Doctor Zhivago. Behind the opaque, frosted window pane of a room in Moscow, a candle's flame slowly melts a circle through which the camera peers at a young man reading a letter. As he absorbs terrible revelations about the girl he loves, the circle becomes a poetic, crystaline metaphor for his swollen anguish and the inevitable burning away of youth's illusions. Such fully visualized moments are the key to Director David Lean's triumph over the challenge of filming Boris Pasternak's monumental bestseller. With monastic zeal (TIME, Dec. 24), he has translated the book into a movie that is literate, oldfashioned, soul-filling and thoroughly romantic.
In Pasternak's novel, the love story of Yuri Zhivago (Omar Sharif) and his Lara (Julie Christie) was part of a vast canvas of war, revolution and social upheaval. Scenarist Robert Bolt has condensed much of this story through a narrator, Yuri's Bolshevik brother (Alec Guinness). The device seems awkward at times, but the flashbacks spring vividly to life on their own. The couple's first wordless encounter takes place aboard a tramcar in Moscow, and the headlong rush of their interwoven destinies is a subtle, unifying symbol of Zhivago. Trains wail along outside the house where Lara and her mother's self-seeking lover (Rod Steiger) generate the first sparks of scandal. After the revolution, a train carries Yuri, his wife Tonya (Geraldine Chaplin) and his family away to the relative safety of the Urals; and Lean bears down on every detail of their flight across an endless white snowscape in which ordinary human values seem suddenly locked in deep freeze.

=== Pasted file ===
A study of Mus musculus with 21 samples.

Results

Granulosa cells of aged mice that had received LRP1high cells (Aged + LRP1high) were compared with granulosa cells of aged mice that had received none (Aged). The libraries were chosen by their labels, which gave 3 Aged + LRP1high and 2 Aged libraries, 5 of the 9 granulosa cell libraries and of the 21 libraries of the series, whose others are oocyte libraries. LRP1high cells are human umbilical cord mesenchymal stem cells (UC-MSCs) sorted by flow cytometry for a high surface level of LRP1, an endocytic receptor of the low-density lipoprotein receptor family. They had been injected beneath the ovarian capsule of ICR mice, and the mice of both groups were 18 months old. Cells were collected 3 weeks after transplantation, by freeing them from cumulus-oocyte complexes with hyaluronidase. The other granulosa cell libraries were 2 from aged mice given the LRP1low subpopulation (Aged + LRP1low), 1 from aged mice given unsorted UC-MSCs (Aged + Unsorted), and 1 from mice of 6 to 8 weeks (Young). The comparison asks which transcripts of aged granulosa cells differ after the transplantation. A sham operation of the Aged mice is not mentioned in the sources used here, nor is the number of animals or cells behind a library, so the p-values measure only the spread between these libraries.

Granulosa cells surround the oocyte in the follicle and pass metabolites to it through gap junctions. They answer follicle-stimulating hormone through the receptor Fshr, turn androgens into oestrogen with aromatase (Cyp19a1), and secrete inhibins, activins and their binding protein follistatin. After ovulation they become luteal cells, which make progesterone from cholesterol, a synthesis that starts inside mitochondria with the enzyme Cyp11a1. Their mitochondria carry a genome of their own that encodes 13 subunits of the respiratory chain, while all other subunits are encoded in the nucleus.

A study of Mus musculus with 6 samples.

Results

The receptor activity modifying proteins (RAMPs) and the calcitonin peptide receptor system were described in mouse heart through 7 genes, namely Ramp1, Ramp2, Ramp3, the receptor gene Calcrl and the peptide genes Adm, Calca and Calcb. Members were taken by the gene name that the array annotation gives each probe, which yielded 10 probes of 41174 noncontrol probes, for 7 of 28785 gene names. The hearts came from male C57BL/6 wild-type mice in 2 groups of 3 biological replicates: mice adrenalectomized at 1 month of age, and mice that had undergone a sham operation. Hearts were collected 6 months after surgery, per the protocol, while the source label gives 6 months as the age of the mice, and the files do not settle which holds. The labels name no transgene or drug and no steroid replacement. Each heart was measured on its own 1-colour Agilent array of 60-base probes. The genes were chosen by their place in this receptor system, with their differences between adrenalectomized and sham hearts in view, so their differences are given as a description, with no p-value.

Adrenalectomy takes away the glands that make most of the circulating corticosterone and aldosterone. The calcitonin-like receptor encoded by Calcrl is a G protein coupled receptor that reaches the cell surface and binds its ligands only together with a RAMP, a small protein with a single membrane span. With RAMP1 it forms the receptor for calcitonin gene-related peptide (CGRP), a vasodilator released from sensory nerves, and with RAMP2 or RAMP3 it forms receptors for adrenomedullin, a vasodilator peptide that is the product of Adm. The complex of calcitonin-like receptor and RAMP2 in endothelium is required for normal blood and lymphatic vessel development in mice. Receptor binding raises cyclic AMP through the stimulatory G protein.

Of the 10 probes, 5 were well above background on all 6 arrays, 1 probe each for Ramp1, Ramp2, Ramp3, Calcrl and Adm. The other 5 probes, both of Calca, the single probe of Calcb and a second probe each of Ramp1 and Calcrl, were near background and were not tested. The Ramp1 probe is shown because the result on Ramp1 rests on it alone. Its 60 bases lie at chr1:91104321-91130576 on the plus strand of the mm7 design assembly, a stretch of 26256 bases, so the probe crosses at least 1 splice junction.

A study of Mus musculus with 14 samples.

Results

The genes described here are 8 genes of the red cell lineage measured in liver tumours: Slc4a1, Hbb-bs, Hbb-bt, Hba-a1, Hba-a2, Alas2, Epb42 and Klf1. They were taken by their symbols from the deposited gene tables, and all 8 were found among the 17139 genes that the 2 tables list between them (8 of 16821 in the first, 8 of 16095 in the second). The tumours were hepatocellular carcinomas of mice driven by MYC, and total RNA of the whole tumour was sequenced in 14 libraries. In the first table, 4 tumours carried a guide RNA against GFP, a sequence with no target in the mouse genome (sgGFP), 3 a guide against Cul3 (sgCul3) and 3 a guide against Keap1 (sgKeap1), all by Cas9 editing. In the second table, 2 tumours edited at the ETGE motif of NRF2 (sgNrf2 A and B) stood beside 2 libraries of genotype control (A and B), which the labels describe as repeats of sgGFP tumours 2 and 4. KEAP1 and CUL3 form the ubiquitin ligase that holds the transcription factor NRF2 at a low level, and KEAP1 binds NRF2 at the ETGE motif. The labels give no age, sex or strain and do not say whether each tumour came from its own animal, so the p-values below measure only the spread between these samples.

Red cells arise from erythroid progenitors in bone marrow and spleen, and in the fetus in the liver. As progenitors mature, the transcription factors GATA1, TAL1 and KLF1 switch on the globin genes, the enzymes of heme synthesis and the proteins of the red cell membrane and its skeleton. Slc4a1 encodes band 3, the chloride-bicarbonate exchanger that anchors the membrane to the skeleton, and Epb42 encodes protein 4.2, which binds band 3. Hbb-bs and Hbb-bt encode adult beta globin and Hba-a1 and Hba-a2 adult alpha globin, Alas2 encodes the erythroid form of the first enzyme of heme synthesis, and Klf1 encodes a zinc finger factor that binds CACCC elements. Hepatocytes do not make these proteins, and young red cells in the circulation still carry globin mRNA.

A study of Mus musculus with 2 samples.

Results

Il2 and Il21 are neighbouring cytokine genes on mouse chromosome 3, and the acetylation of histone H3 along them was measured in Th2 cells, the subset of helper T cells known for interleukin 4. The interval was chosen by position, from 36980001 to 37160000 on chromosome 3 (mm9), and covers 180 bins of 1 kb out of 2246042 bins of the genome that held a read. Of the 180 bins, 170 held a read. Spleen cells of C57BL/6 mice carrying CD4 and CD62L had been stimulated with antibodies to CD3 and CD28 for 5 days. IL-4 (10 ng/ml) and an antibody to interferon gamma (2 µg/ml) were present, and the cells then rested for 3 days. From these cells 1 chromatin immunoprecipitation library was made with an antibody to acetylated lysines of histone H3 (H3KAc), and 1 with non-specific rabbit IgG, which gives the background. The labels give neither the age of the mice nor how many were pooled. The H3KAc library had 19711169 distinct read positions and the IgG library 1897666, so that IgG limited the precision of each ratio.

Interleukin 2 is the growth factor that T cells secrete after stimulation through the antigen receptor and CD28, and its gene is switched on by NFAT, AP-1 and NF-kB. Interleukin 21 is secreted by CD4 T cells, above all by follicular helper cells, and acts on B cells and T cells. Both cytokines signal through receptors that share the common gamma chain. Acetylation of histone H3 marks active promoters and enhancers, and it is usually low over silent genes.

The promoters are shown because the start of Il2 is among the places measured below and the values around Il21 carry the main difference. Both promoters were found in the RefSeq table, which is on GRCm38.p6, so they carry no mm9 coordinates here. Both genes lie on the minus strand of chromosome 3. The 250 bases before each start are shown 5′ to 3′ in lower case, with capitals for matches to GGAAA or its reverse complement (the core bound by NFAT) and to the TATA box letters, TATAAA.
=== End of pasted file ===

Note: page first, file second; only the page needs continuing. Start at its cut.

Summarized, Zhivago's plot sounds like any conventional saga of Red Star-crossed lovers who meet, part, and meet again at all the crossroads of history. But if this be soap operaand in some measure it isthe suds are set into motion by an impressive cast. As the poet-physician Zhivago, Sharif embodies both wounded sensibility and the simple, stubborn faith that a man need not sell heart and soul to prove his love of country. Julie Christie, frankly passionate and vulnerable as Lara, proves again that she is a vital presence on the screen. Steiger, who makes his beauty-and-the-beast role a seething study of precariously balanced lusts, Ralph Richardson, Siobhan McKenna, Tom Courtenay and Rita Tushingham, all meet the film's exacting standard. In a vivacious debut, Actress Chaplin indicates that a striking resemblance to her father may be somewhat more than skin-deep.
The star of Doctor Zhivago is Director Lean himself, who has effectively captured on film the essence of Pasternak's belief that men are priceless as individuals, not as cogs in a superstate. Lean speaks for humanity in a language of unspeakably beautiful images: the desolate ritual of a funeral on a windswept Russian heath; a band of running, white-shirted schoolboys suddenly massacred in a field of golden wheat; or simply the timeless, kaleidoscopic, never-ceasing cycle of the seasons. His sentimental Zhivago is perhaps warm and rewarding entertainment rather than great art; yet it reaches that level of taste, perception and emotional fullness where a movie becomes a motion-picture event.